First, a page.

Human brain cells developed in lab, grow in mice
A key type of human brain cell developed in the laboratory grows seamlessly when transplanted into the brains of mice, UC San Francisco researchers have discovered, raising hope that these cells might one day be used to treat people with Parkinson's disease, epilepsy, and possibly even Alzheimer's disease, as well as and complications of spinal cord injury such as chronic pain and spasticity.
"We think this one type of cell may be useful in treating several types of neurodevelopmental and neurodegenerative disorders in a targeted way," said Arnold Kriegstein, MD, PhD, director of the Eli and Edythe Broad Center of Regeneration Medicine and Stem Cell Research at UCSF and co-lead author on the paper.
The researchers generated and transplanted a type of human nerve-cell progenitor called the medial ganglionic eminence (MGE) cell, in experiments described in the May 2 edition of Cell Stem Cell. Development of these human MGE cells within the mouse brain mimics what occurs in human development, they said.
Kriegstein sees MGE cells as a potential treatment to better control nerve circuits that become overactive in certain neurological disorders. Unlike other neural stem cells that can form many cell types—and that may potentially be less controllable as a consequence—most MGE cells are restricted to producing a type of cell called an interneuron. Interneurons integrate into the brain and provide controlled inhibition to balance the activity of nerve circuits.
To generate MGE cells in the lab, the researchers reliably directed the differentiation of human pluripotent stem cells—either human embryonic stem cells or induced pluripotent stem cells derived from human skin. These two kinds of stem cells have virtually unlimited potential to become any human cell type. When transplanted into a strain of mice that does not reject human tissue, the human MGE-like cells survived within the rodent forebrain, integrated into the brain by forming connections with rodent nerve cells, and matured into specialized subtypes of interneurons.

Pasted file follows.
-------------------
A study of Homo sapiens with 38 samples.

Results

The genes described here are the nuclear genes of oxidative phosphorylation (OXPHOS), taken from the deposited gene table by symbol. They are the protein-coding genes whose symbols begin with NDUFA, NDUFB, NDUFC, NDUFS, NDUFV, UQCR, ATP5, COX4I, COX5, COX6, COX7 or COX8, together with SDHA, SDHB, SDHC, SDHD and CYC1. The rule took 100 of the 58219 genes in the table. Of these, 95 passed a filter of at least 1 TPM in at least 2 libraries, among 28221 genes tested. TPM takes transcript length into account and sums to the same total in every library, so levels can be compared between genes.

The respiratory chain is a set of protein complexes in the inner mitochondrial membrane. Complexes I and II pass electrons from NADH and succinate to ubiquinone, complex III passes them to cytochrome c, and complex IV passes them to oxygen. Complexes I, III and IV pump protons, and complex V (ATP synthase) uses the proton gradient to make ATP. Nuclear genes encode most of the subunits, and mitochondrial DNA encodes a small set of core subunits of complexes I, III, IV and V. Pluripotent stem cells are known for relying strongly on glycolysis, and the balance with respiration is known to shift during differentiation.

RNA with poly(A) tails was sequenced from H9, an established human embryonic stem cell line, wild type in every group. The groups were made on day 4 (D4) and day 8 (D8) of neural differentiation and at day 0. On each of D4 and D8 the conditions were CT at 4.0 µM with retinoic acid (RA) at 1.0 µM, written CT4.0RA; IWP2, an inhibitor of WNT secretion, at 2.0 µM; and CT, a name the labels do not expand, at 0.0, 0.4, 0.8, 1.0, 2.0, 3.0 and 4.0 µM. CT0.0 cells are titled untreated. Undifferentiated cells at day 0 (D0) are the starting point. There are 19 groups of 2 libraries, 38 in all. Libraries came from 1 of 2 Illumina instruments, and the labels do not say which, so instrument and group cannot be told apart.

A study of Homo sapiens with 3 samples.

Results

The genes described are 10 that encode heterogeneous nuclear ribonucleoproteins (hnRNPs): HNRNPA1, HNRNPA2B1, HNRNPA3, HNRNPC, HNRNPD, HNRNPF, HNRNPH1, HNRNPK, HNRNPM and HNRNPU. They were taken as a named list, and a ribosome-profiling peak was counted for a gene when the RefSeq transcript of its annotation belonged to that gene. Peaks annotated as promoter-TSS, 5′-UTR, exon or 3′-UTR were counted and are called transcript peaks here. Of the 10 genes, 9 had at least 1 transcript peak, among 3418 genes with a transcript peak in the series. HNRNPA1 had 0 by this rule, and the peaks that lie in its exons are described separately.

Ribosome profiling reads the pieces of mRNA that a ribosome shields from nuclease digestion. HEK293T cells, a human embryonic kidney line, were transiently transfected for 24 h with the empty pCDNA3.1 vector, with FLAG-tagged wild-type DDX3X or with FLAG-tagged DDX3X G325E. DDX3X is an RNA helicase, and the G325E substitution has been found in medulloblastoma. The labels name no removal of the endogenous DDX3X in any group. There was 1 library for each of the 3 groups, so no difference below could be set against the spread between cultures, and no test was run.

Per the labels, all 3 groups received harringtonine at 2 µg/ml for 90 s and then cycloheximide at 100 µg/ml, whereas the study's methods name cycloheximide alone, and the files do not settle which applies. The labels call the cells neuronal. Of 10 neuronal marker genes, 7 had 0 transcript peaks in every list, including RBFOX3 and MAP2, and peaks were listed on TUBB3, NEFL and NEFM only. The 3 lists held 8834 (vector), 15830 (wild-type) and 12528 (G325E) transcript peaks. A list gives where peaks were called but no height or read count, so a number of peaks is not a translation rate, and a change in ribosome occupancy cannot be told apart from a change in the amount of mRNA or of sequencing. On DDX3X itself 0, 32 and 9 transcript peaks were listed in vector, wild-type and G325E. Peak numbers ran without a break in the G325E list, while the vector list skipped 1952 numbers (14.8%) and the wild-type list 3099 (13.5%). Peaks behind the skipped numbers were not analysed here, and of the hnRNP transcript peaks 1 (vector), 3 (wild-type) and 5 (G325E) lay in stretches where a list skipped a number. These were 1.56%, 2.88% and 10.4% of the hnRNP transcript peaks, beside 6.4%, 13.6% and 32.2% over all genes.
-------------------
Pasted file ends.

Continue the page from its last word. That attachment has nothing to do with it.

These findings may serve as a model to study human diseases in which mature interneurons malfunction, according to Kriegstein. The researchers' methods may also be used to generate vast numbers of human MGE cells in quantities sufficient to launch potential future clinical trials, he said.
Kriegstein was a co-leader of the research, along with Arturo Alvarez-Buylla, PhD, UCSF professor of neurological surgery; John Rubenstein, MD, PhD, UCSF professor of psychiatry; and UCSF postdoctoral scholars Cory Nicholas, PhD, and Jiadong Chen, PhD.
Nicholas utilized key growth factors and other molecules to direct the derivation and maturation of the human MGE-like interneurons. He timed the delivery of these factors to shape their developmental path and confirmed their progression along this path. Chen used electrical measurements to carefully study the physiological and firing properties of the interneurons, as well as the formation of synapses between neurons.
Previously, UCSF researchers led by Allan Basbaum, PhD, chair of anatomy at UCSF, have used mouse MGE cell transplantation into the mouse spinal cord to reduce neuropathic pain, a surprising application outside the brain. Kriegstein, Nicholas and colleagues now are exploring the use of human MGE cells in mouse models of neuropathic pain and spasticity, Parkinson's disease and epilepsy.
"The hope is that we can deliver these cells to various places within the nervous system that have been overactive and that they will functionally integrate and provide regulated inhibition," Nicholas said.
The researchers also plan to develop MGE cells from induced pluripotent stem cells derived from skin cells of individuals with autism, epilepsy, schizophrenia and Alzheimer's disease, in order to investigate how the development and function of interneurons might become abnormal—creating a lab-dish model of disease.
One mystery and challenge to both the clinical and pre-clinical study of human MGE cells is that they develop at a slower, human pace, reflecting an "intrinsic clock". In fast-developing mice, the human MGE-like cells still took seven to nine months to form interneuron subtypes that normally are present near birth.
"If we could accelerate the clock in human cells, then that would be very encouraging for various applications," Kriegstein said.